Study says C-sections with a little labour are better for your baby's long-term health


We've heard it many times: babies born via caesarian section are more likely to develop health problems than those born vaginally.

Studies have consistently found that children born by C-section are at higher risk for health problems like obesityallergies and Type 1 diabetes. 

Now, results from one of the largest and longest studies on planned C-sections published in JAMA this month, imply that there is a way to make C-sections less risky in terms of babies' long-term health.

The study

Over a 15-year period, the long-term health of all full-term firstborn births in Scotland, was tracked. Interestingly, the data indicated more health problems among babies born via planned C-section rather than those delivered by emergency C-section.

What does this suggest? That the difficult but exhilarating process of natural labour "may give children a healthy start, even when it’s interrupted by a surgical birth."

Dr. Mairead Black, the University of Aberdeen obstetrician who led the study, said that these findings led her team to wonder what, if anything, babies born via C-section were not getting that babies born vaginally were.

She said, “Our thinking was: If a baby is born naturally, it comes into contact with bacteria from the mother, which might help with immune system development.”

So, with this in mind, attempted labour — even if interrupted by a C-section — may still provide that exposure to a mum's "good" bacteria. But in contrast, a baby born by scheduled C-section misses out on this dose of bacteria.

Dr. Joseph Neu, a neonatologist at the University of Florida Neu, adds that "the broad-spectrum antibiotics prescribed to the mother before a surgical delivery were another concern; the antibiotics can be transmitted to the baby through breast milk if not before birth, decreasing the diversity of natural bacteria."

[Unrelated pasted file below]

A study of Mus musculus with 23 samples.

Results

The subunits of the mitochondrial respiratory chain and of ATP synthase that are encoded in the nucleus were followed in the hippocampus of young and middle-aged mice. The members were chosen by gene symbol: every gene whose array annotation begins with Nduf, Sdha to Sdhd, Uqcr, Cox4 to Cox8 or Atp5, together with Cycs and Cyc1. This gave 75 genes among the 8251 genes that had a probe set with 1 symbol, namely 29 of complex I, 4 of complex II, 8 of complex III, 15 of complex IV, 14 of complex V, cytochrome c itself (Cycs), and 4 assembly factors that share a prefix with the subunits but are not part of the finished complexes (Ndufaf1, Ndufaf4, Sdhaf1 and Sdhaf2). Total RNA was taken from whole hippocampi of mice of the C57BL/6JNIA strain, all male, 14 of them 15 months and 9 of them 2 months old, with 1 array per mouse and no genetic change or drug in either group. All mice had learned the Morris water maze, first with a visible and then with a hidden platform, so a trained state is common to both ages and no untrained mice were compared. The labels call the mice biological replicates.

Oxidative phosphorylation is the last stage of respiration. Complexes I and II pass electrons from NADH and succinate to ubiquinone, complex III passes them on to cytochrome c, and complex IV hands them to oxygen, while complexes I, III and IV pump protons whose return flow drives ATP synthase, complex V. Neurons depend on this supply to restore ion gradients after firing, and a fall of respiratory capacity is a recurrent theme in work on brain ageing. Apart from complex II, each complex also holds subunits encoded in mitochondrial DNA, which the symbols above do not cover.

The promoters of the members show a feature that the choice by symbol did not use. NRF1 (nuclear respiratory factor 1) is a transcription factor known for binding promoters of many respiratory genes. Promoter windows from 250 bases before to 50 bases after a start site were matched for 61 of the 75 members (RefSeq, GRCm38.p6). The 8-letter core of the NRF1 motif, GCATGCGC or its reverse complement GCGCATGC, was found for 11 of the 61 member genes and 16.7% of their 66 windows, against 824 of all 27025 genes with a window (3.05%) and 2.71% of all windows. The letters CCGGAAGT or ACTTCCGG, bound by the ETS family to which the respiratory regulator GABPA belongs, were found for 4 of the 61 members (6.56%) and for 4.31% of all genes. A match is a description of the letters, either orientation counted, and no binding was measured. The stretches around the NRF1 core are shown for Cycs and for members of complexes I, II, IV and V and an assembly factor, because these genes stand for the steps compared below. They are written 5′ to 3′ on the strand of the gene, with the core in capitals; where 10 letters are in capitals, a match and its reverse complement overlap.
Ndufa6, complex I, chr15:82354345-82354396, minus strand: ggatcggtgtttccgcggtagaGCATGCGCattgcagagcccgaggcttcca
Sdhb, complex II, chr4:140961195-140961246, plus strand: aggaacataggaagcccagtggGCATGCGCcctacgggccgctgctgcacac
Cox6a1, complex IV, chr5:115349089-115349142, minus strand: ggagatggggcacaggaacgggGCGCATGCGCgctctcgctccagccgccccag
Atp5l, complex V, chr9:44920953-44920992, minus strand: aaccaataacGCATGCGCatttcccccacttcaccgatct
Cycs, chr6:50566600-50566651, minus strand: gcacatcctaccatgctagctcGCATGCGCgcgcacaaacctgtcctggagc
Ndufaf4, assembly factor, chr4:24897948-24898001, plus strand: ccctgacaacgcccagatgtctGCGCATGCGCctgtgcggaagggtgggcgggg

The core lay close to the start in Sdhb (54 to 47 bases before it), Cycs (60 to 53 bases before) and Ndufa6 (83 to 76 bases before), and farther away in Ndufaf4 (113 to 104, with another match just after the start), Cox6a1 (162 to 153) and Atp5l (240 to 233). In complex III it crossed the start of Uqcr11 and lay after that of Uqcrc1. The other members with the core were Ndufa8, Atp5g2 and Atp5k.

Meanwhile, Carol Sakala, the director of US-based nonprofit Childbirth Connection programs at the National Partnership for Women & Families says:

“When you don’t wait for labor to begin on its own, you cut short all kinds of physiological changes and preparations for birth that are taking place toward the end of pregnancy.

"What is the effect of cutting off those processes so casually on such a large scale?”

Health implications

The results of the study indicate that, "the biggest difference between babies born by scheduled and unscheduled C-section appeared in risk for Type 1 diabetes" -- babies born by planned C-section had a 35 percent higher risk of Type 1 diabetes compared with babies born by emergency C-section.

What's more:

"All of the babies born by C-section were slightly more likely to use an asthma inhaler at age 5: 10.3 percent of planned C-section babies and 10.19 percent of unscheduled C-section babies wound up using an inhaler, compared with 9.6 percent of vaginally born babies.

"Asthma hospitalization rates were also higher for babies born by planned C-section with a statistically significant increase of 22 percent over vaginally born babies."

With these findings (and even before these findings!), medical experts are urging providers to avoid unecessary C-sections and allow women to spend more time in labour as much as possible.

These research findings have implications in Singapore too, where "an estimated 40-45 per cent of births are delivered through C-sections, compared to 10-15 per cent in the early 1990s" according to a Channel NewsAsia report.

However, could there be a solution to this issue — especially where a scheduled C-section is crucial for the protection of the mother's or child's life — in a process known as 'vaginal seeding'?

Read this theAsianparent article for more on the fascinating birth trend that is vaginal seeding.

We'd love to hear your thoughts on this article — do leave a comment below.